Armenia has accused Azerbaijan's armed forces of killing one of its soldiers along the countries' border just days after the two South Caucasus nations engaged in the worst fighting since they fought a 44-day war over the Nagorno-Karabakh region a year ago.
Armenia's Defense Ministry said that a 19-year-old soldier was killed on the evening of November 22 when Azerbaijani troops opened fire for about an hour on Armenian forces positioned in Gegharkunik Province along the two countries’ border.
Azerbaijan's Defense Ministry denied the accusation, saying in a statement that "our units did not open fire in that direction, the situation is stable.”
The incident comes less than a week after each side took heavy casualties in fighting along the disputed border, for which each side blamed the other.
Azerbaijan reported that seven of its soldiers were killed in the November 16 clashes, while Yerevan said six of its troops were killed in the fighting.
The situation along the border has been tense since the Armenia-Azerbaijan war in September-November 2020, in which at least 6,500 people were killed.
The conflict ended with a Russia-brokered cease-fire that granted Baku control of parts of Nagorno-Karabakh as well as adjacent territories occupied by Armenians. Some 2,000 Russian troops were deployed in the area as part of the truce accord.
Nagorno-Karabakh is internationally recognized as part of Azerbaijan but came under the control of ethnic Armenian forces backed by Armenia following a separatist war in 1994.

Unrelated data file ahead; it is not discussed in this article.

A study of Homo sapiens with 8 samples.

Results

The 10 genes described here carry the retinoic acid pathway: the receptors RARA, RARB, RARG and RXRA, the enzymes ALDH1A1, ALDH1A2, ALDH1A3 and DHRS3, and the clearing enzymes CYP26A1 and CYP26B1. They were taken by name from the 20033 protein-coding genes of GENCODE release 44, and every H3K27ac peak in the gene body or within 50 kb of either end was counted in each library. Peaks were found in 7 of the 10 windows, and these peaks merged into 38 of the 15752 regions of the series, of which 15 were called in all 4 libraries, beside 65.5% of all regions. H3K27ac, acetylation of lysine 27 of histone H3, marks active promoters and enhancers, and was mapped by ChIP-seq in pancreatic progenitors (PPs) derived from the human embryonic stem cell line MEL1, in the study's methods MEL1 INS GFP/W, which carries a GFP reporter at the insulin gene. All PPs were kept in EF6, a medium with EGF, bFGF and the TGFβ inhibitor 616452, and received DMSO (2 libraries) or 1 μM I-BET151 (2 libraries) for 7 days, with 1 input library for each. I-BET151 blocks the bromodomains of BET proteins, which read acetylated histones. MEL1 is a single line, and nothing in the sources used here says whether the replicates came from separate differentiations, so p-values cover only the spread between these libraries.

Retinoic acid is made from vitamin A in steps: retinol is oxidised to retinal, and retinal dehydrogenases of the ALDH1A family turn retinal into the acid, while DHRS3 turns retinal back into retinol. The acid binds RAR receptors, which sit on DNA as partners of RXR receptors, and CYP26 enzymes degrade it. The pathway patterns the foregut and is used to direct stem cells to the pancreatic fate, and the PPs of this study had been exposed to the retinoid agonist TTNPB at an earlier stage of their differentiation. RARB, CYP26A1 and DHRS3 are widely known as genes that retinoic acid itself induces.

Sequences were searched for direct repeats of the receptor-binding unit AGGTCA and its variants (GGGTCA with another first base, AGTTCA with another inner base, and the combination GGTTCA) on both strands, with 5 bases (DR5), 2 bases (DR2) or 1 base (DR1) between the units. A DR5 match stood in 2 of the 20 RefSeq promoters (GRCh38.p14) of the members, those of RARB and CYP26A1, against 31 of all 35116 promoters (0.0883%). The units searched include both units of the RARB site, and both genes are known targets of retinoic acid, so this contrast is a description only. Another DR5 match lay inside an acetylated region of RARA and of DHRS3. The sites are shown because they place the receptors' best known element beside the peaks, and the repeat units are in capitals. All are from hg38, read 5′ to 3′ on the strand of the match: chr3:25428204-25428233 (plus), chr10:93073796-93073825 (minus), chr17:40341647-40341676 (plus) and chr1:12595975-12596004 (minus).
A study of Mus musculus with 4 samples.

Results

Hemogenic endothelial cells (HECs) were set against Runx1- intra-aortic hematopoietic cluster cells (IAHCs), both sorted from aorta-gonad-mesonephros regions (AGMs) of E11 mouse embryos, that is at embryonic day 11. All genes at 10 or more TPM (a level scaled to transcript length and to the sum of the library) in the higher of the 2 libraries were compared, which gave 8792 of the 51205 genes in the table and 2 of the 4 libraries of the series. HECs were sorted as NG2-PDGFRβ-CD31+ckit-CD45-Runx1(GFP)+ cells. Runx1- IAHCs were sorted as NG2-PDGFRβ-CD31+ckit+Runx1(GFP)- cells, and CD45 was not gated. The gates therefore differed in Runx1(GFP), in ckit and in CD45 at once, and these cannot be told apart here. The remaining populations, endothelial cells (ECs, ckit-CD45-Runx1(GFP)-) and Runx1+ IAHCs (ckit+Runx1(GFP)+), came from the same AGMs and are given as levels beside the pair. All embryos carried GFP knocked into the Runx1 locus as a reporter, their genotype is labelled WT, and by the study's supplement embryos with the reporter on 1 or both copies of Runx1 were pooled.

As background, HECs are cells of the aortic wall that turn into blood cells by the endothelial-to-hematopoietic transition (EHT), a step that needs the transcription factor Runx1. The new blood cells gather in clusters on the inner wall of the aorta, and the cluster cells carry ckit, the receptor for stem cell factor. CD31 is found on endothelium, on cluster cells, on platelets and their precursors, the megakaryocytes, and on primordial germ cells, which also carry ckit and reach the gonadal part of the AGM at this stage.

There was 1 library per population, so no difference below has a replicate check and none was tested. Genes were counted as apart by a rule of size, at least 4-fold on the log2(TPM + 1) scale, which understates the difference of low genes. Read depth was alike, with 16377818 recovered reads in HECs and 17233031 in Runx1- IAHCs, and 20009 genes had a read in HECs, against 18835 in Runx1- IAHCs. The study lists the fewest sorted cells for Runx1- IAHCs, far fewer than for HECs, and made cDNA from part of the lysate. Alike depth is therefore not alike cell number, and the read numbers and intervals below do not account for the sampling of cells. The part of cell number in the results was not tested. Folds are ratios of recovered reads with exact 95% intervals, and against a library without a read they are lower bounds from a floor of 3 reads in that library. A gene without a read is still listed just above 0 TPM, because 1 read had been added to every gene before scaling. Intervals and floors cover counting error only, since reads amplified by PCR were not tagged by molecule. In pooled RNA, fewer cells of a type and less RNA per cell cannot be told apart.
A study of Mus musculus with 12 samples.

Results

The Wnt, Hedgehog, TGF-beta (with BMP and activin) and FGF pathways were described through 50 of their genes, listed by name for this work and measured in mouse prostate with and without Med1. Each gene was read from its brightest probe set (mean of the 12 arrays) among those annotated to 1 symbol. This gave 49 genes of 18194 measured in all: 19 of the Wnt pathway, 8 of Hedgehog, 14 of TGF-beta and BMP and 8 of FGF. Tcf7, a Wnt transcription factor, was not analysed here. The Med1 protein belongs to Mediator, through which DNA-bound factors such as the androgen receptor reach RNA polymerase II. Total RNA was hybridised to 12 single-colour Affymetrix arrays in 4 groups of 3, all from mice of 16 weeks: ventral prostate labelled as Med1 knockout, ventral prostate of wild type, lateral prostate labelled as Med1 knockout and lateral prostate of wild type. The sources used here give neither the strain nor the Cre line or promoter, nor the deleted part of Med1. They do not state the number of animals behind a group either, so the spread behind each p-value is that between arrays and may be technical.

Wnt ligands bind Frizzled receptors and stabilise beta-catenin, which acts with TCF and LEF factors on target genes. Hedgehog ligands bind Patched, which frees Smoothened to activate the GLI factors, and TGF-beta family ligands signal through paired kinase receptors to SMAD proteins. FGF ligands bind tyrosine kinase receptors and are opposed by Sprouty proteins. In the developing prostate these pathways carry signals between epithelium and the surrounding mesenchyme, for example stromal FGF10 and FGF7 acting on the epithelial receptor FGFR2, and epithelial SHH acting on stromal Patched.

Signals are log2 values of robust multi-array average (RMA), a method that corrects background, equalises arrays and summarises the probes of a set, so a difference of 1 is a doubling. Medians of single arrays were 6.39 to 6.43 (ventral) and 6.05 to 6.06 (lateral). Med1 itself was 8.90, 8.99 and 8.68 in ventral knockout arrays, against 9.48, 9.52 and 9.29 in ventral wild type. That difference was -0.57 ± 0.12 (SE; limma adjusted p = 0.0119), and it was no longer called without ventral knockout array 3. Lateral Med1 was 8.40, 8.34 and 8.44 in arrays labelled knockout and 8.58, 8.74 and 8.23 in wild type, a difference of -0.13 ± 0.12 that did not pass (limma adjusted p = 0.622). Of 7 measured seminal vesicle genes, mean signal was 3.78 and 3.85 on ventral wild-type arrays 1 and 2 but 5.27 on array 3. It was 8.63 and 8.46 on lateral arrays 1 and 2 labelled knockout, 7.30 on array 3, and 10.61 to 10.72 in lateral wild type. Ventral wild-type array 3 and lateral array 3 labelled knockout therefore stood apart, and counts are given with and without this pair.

The November 16 fighting triggered renewed international calls for the two neighbors to engage in a process of delimiting and demarcating their Soviet-era border.
Armenian Prime Minister Nikol Pashinian has announced that Yerevan received proposals from Moscow outlining the "preparatory stage" of the process, and said that the proposed border changes were acceptable to Yerevan.
Azerbaijan has not commented on the reported Russian proposal.
The contents of the proposal have not been made public, but the idea of possible changes to the border have led to protests by Armenian opposition groups that fear Yerevan will concede too much following its defeat in last year's bloody war with Azerbaijan.
On November 22, a number of mostly fringe opposition groups demonstrated in Yerevan to express their concerns and to demand that the government reveal details about any upcoming negotiations.
Protesters said they believe the proposal could harm Armenia's interests and, in particular, could lead to Yerevan recognizing that the disputed territory of Nagorno-Karabakh is part of Azerbaijan.
The Armenian government has not responded to the protesters' demands. Pashinian's office, however, said he would answer questions on the subject during a Facebook Live session on November 23.